Expert Declaration Containing Conclusory Assertions Not Sufficient to Sustain Legal Malpractice Action
Lawyers for the Profession® Alert
Healy, etc., et al. v. Finz & Finz, P.C., ___ N.Y.S.2d ___, 2011 WL 750377 (N.Y.A.D. 2 Dept. Mar 1, 2011)
The New York Appellate Division granted summary judgment to a law firm that was sued by its former clients in an action arising out of an underlying medical malpractice suit. Both the law firm and its former clients submitted expert declarations regarding whether any law firm could have proven proximate cause in the underlying medical malpractice suit. But the former clients’ expert declaration merely contained a conclusory assertion that the law firm chose the wrong expert. The appellate court found that such a conclusory assertion was insufficient to sustain a legal malpractice action.
A mother was pregnant with triplets, a girl and two boys. The girl had her own placenta; the boys shared a placenta. After one of the boys died in utero, the mother’s physicians delayed the birth for as long as possible so that the remaining fetuses would gain more weight. The mother went into labor one and one-half weeks later. The girl was born healthy but the remaining twin boy was born with a form of cerebral palsy that was a result of sharing a placenta with his deceased brother.
Plaintiff former clients, the injured boy and his parents, hired defendant law firm to sue the mother’s medical providers under a theory that the doctors should have immediately delivered the babies and that the failure to do so caused their surviving son’s injury. The medical providers had the claims against them dismissed on the basis that the subject experts, in expert declarations submitted by the law firm, could not testify to when the surviving son’s injury actually occurred.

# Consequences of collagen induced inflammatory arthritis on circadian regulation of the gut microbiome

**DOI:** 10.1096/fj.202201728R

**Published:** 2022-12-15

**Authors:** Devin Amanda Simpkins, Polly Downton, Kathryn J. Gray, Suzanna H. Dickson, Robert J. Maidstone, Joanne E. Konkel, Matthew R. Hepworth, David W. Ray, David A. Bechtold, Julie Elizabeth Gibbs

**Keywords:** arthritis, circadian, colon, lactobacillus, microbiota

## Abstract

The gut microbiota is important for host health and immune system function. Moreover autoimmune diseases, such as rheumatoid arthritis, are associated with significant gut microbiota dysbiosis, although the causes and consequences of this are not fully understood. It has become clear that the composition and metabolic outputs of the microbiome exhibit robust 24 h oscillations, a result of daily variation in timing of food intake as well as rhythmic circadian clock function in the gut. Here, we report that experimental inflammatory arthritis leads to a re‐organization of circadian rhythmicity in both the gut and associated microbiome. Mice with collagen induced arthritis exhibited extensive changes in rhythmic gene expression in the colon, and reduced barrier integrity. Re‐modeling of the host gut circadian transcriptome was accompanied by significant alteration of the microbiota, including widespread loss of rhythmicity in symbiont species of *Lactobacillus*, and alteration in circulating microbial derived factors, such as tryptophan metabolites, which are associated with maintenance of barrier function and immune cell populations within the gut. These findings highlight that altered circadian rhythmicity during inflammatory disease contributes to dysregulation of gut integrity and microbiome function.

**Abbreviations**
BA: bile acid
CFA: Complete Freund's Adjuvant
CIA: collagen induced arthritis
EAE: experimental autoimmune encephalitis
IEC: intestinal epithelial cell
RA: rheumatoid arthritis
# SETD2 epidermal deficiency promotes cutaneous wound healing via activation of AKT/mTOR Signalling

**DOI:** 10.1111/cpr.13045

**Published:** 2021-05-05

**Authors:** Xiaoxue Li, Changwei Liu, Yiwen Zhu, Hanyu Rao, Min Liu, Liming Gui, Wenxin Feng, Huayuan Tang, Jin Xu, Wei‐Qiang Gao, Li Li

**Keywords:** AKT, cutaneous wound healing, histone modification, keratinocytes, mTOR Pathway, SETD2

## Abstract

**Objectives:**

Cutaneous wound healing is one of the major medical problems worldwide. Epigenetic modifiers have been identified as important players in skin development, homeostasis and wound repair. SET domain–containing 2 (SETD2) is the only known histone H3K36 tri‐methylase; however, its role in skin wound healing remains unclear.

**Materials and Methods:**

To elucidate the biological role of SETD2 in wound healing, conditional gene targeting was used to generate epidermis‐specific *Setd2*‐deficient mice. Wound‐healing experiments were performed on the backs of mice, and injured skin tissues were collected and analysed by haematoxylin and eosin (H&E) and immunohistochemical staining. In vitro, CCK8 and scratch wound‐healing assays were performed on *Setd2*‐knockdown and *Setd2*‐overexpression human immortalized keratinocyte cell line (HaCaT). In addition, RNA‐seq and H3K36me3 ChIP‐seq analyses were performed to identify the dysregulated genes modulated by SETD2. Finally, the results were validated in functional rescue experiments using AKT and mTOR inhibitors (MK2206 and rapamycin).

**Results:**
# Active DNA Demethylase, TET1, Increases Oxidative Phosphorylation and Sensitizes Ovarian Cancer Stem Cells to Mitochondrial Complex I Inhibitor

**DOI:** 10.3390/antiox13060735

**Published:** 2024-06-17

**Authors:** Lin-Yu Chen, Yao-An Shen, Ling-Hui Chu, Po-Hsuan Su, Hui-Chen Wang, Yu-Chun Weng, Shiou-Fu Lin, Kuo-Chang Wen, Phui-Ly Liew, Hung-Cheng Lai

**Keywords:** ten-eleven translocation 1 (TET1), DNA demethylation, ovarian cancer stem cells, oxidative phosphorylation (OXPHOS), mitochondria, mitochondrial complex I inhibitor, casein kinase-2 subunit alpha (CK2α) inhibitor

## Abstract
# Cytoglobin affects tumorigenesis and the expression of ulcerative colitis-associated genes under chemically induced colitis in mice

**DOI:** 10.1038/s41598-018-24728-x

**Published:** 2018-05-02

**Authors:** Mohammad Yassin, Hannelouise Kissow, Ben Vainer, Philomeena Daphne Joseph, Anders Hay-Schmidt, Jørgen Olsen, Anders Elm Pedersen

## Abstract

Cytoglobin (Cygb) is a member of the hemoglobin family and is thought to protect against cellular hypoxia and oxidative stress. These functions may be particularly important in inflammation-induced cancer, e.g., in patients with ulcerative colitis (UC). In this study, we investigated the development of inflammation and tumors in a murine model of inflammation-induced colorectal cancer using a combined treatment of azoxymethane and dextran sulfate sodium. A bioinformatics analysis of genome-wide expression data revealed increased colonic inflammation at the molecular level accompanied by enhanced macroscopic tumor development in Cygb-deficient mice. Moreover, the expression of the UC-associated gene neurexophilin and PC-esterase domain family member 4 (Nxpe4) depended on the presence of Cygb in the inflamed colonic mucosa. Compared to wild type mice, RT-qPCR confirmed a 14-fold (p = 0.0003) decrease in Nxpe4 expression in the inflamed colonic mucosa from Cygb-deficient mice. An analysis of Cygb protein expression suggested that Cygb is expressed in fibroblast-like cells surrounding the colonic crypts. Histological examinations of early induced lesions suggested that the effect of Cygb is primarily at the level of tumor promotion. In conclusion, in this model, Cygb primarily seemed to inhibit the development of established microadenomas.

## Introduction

The former clients then sued the law firm for legal malpractice. The law firm moved for summary judgment, submitting three expert declarations in which the experts opined that the baby’s injury was caused by his twin brother’s death in utero. The former clients asserted conclusorily via an expert declaration that the law firm had failed to find an appropriate medical expert in the medical malpractice action. The trial court denied the motion for summary judgment, which decision the law firm appealed. The case was on the eve of trial when the appellate court granted a stay of trial to hear the appeal.
The appellate court found that the former clients could not merely assert via an expert declaration that the law firm failed to find an appropriate medical expert when the law firm was able to show that it had, in fact, suitably selected experts. The law firm was able to show that it could not have proven proximate cause in the medical malpractice action, warranting the summary judgment.
Significance of Opinion
This matter presents an interesting “expert within an expert” case. Here, legal malpractice claims were dismissed because the law firm could not have been expected to find a medical expert who could, unequivocally, support the client’s theory. It also evidences a former client’s higher burden to present more than merely a conclusory allegation that a lawyer should have prevailed rather than that the attorney actually could have prevailed.